What are the positive effects of FDR's New Deal?
The New Deal was a series of legislation passed beginning at the height of the Great Depression, in order to provide relief for the poor and stimulate the economy. The Great Depression began in 1929, largely as a result of the stock market crash, and by 1932, approximately one-quarter of the workforce was unemployed. During that year, President Hoover preached patience to the citizens. In stark contrast, when Americans were demoralized and devastated, a new president offered hope to the country. President Roosevelt took office in 1933. On March 4, 1933, he delivered his inaugural speech in which he stated, "the only thing we have to fear is fear itself."
Most of the legislation that came to be included as part of the New Deal was passed under President Roosevelt. One of his first plans was to stabilize banks. The American people lost faith in banks and were withdrawing their money. Roosevelt's Emergency Banking Act was passed, and, as a result, people began putting their money back into banks. The passage of the Tennessee Valley Authority Act was another step taken by Roosevelt that reaped positive benefits. Results were the creation of jobs for the building of dams and more widespread availability of electricity.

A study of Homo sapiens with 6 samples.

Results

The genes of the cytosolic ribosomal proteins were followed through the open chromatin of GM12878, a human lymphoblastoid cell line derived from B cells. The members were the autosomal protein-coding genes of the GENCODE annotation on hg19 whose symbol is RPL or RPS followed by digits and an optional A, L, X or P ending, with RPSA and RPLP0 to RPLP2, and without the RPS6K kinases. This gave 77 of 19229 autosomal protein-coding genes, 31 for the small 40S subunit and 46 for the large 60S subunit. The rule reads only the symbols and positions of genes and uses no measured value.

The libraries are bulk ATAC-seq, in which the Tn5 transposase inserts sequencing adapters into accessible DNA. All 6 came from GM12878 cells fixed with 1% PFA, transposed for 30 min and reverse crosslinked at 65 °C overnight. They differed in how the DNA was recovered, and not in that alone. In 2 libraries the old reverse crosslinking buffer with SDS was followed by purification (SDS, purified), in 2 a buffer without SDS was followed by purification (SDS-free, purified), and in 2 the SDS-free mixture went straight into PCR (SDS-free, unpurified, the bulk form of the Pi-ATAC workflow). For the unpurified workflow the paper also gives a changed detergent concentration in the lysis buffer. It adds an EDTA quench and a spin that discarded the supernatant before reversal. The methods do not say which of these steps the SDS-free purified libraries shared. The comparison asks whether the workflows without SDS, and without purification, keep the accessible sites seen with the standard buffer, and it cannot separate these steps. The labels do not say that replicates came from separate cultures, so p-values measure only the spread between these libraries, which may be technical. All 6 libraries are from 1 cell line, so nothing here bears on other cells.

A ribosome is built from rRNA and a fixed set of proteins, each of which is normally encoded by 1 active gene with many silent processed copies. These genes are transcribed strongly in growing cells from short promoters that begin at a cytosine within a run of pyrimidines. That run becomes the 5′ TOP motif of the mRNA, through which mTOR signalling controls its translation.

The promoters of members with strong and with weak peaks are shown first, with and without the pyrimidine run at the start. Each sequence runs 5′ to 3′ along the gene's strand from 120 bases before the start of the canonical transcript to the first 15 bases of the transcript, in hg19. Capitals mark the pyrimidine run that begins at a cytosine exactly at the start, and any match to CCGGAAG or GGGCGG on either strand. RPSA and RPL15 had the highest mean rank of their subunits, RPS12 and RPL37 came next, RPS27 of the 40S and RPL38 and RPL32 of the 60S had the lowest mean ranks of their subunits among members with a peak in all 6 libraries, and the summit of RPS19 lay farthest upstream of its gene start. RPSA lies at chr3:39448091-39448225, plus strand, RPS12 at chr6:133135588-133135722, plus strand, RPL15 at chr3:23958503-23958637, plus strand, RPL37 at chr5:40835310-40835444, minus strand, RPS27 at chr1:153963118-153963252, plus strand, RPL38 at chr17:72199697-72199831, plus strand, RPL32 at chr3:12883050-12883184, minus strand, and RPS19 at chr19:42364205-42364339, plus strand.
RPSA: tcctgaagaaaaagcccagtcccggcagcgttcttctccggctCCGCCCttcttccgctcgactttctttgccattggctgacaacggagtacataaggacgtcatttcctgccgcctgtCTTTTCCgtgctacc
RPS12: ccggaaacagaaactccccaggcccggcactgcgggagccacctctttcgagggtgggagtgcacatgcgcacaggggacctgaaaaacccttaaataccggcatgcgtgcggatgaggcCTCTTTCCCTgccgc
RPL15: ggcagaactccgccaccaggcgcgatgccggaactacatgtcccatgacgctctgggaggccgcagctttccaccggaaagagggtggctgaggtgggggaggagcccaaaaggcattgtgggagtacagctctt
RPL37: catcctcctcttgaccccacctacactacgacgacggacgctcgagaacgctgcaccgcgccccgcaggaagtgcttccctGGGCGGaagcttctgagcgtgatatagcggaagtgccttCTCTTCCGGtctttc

President Roosevelt's first 100 days in office saw the passage of other acts aimed at offering relief and assistance. However, more was needed. In 1935, he responded with what was called the Second New Deal. The Works Progress Administration and the Social Security Act are two examples of additional steps taken.
President Roosevelt's numerous plans provided positive benefits to the American people. Unemployment rates dropped, jobs were created to build roads, hospitals, and dams, and Americans experienced a restored confidence in the economy. Roosevelt's "fireside chats" provided people with a piece of mind. The Democratic party also received long-lasting popularity because of his actions. While his legislation had critics who complained of too much government or that not enough action was taken to help minorities, Roosevelt's New Deal assisted in helping America get back on its feet.